Emerging EMEA Bond: Israel Electric’s US$1.1bn two-part bond
Braving the storm
In a year that saw a record number of CEEMEA deals hit the screens, one stood out for its sheer bravery.
On June 18, Israel Electric (Baa3/BB+) stated its intention to price an intra-day dual-tranche offering consisting of five and 10-year tenors. In normal times there would be nothing unusual about the announcement, but these were far from normal times.
Following the release of the FOMC’s minutes on May 22, which mooted the possibility of a slowdown in the US Federal Reserve’s quantitative easing policy, emerging markets asset prices had borne the brunt of a huge sell-off in credit markets. Panic had gripped the asset class.
For three weeks no emerging markets issuer anywhere had sold a bond in the US dollar market except for China’s Huaneng, whose paper was largely placed with three Chinese-owned banks that were added as bookrunners late in the day.
Israel Electric needed no such support from its leads – Barclays and Citigroup – as it sold a US$600m 5.625% 2018 note and a US$500m 6.875% 2023 bond. Rothschild was independent adviser on the deal.
Critics will gripe at the price paid. While deals earlier in the year had printed with minimal or even negative new issue concessions, Israel Electric had to pay hefty premiums as both notes priced in line with initial guidance, with the issue spread on the 2018s at 438bp over mid-swaps and the 2023s at 453bp over.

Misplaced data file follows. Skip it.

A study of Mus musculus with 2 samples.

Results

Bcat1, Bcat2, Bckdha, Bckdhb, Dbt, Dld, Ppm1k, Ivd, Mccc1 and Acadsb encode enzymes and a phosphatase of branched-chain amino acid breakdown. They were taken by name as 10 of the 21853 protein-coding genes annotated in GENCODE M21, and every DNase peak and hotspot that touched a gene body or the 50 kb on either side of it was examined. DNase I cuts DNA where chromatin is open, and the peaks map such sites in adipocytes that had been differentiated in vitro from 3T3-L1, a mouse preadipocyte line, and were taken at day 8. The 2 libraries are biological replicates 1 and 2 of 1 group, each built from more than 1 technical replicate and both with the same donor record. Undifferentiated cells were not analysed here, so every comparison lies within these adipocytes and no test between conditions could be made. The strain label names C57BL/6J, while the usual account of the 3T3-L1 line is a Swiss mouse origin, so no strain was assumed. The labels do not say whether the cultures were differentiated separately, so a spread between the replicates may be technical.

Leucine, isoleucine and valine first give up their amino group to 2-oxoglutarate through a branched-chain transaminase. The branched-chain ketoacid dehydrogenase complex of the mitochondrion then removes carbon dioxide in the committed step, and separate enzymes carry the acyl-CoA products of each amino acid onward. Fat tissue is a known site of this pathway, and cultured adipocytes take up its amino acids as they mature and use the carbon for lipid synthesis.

That meant a new issue premium of about 60bp for the five-year tranche and 40bp for the 10-year. But big concessions were becoming prevalent across all bond markets.
For example, Chevron, rated Aa1/AA, paid a 20bp–25bp premium on a deal it priced the day before, a level which was roughly 25% off where its spreads were, albeit raising US$6bn in the process.
Israel Electric’s order book of US$2.36bn from over 200 accounts showed that investors were willing to buy emerging markets bonds at a time when some doomsayers were proclaiming the end of the asset class. And the deal looked increasingly prescient after guidance from the following day’s FOMC meeting added to market jitters, leading to a further Treasury sell-off.
Both notes, which priced at par, performed well despite the volatility. The five-year traded above re-offer, while the 10-year was down less than half-a-point in the 48 hours after pricing.
And to prove it was no fluke, Israel Electric returned to the market just two weeks later to tap each note for a further US$150m each, locking in cheaper yields in the process.
In total, the state-owned company raised US$1.4bn – its biggest debt issuance ever – through two transactions at a time when few others even dared contemplate a deal. It was a gamble, but one that paid off.